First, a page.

Death Records and The Law
In the United States, death records are considered "vital records", and are publicly registered. When an American dies, their death records are registered with their local authorities. The exception to this is if they're a member of the military. Since these are public records, anyone is legally allowed to look them up.
This has been true in all states since the federal government made it mandatory in 1900. Unless you're 119 years old, that's long enough ago to cover anyone you've ever met. If you're looking for historical death records, your results will depend on where you live. Several states have kept death records since they first existed. Massachusetts kept death records in the early 1600s, when it was still a tiny British colony. What's in a Death Record?
There are two kinds of death records in the US: death certificates and death indexes. Death indexes list only the name of the person and the time and cause of their death. This is the part of a person's death record that's available to the public. Some states offer these records for free, while others charge a fee.
Full death certificates can contain more detailed information, and may be restricted only to family members or public officials by the state. These restrictions can last anywhere from 50-100 years. Chances are, unless you're an attorney, estate executor, or next of kin, a simple death index will be sufficient for your needs.
Where to Find Death Records
If you're trying to find death records on your own, you'll want to visit the CDC's vital records page. This page is a directory of agencies throughout the country, with their addresses, fees, and any other information you need to know.
Yes, you read that correctly. While death certificates are a matter of public record, you have to pay a fee to get a copy. In New York, for example, a death certificate costs $30, but don't take this as gospel. Every state has their own fees. You'll need to send check or money order by snail mail, and wait for a response in the mail, usually in a few weeks. Some states provide basic death indexes for free.
At CheckPeople.com we are able to negotiate much lower rates with state agencies, since they collect thousands of public records every day. If you'd rather not pay through the nose and sit on your hands to get a simple death record, you can save a lot of time and money by using our service.
Death Records and Probate Court
Some US states don't require estates to go through probate court. In these states, when someone dies, their estate is distributed privately, and matters only end up in court if there's a dispute between the heirs.
If you live in one of those states, consider yourself lucky. In many states, all estates are required to go through probate court, regardless of whether or not there's a dispute. Someone with one child can die, with nobody disputing the fact, and the child will still need to go to court to get their inheritance.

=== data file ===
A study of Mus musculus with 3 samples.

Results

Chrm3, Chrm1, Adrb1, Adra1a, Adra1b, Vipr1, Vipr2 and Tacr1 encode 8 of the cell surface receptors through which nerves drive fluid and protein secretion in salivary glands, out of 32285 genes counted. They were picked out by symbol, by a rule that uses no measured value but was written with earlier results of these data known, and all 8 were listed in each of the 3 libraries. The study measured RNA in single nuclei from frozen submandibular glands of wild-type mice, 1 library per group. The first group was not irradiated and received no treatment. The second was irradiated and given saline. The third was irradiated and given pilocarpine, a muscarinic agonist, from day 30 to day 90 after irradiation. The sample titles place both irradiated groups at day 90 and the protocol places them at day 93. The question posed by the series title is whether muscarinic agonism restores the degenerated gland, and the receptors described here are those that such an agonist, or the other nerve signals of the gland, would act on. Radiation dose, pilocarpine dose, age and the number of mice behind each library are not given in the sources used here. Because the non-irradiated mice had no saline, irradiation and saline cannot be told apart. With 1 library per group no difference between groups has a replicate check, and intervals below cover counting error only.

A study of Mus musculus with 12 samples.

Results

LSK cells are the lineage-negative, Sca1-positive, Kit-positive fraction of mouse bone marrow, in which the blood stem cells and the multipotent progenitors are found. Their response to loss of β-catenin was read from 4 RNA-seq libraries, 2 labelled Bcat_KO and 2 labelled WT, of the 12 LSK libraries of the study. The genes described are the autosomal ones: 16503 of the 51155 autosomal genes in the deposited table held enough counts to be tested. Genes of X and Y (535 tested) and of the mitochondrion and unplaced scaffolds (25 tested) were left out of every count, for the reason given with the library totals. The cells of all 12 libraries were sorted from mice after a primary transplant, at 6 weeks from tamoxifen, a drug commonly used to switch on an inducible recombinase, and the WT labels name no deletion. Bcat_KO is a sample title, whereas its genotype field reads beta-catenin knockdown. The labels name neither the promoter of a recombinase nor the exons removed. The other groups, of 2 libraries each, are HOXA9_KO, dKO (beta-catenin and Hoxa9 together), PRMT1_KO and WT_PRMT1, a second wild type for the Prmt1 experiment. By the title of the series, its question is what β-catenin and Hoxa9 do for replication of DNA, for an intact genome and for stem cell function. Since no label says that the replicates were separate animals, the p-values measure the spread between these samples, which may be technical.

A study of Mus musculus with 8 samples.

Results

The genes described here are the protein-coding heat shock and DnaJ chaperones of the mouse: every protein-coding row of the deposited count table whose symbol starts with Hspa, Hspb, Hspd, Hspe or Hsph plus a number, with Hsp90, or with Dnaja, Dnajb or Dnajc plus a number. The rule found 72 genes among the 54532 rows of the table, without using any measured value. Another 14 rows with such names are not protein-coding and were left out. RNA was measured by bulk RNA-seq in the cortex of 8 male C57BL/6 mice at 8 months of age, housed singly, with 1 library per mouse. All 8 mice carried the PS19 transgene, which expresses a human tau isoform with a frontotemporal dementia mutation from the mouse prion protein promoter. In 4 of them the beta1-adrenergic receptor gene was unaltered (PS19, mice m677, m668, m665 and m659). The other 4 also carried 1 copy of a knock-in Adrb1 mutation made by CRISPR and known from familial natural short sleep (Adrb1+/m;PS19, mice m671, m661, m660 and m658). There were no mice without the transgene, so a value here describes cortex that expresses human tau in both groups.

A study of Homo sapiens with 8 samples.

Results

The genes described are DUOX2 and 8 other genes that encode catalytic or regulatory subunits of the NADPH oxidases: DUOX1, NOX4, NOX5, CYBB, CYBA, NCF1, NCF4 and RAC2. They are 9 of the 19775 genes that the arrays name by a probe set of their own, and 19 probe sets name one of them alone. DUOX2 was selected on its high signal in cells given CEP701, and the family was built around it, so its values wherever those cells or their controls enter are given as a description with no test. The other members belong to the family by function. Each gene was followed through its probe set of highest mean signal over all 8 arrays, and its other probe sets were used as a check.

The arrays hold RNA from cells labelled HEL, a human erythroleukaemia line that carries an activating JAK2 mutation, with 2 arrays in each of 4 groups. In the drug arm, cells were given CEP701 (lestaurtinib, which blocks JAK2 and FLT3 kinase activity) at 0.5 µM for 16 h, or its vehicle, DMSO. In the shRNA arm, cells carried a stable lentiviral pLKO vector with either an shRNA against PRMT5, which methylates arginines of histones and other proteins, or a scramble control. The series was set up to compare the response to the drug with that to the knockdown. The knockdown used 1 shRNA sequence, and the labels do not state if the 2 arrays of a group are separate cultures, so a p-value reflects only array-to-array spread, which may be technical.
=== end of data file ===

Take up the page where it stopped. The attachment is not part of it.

This is one of the most unfortunate situations someone can end up in. Nobody should have to go to court while they're still grieving a loved one, and then have to deal with government bureaucracy on top of it, just to get a simple death record. That's just adding insult to injury. A database like CheckPeople can help you get through this difficult time. Just run a simple search, print off the documents you need, and forget about paperwork. You have more important things to be doing right now.
Maybe you don't have any pressing reason to get death records fast. Your loved one didn't die, and you aren't being sued. You certainly don't need a formal, legal document. You're just curious about that old flame, or a former teacher you lost touch with. For these less pressing needs, running an obituary search isn't a bad idea. Thanks to the internet, even small local newspapers are posting all of their content online. You'd think you could just run a search for "John Doe obituary" and find anything and everything, but that isn't always the case.
Someone's name may have changed. There may not be any obituary, for some reason. Even if there is an obituary with the correct name, the person's local newspaper may be behind a paywall. If their local paper's website requires a subscription, obituaries won't show up in search engine results. None of this is a real concern if you're looking for death records out of pure curiosity. But if you seriously need to know whether or not someone is dead, an obituary search isn't reliable.
Location Is a Crucial Detail
Everything we've talked about has been based on the assumption that you even know where the deceased died to begin with. If you don't know where they died, you won't know where to send out requests for public death records. Even if they died in a state where death indexes are available for free, how would you find them if you didn't know they lived in that state to begin with? The CheckPeople search can find records in all 50 states as well as publicly available military vital records. No matter where someone died, CheckPeople will find their death records, and any other information you need.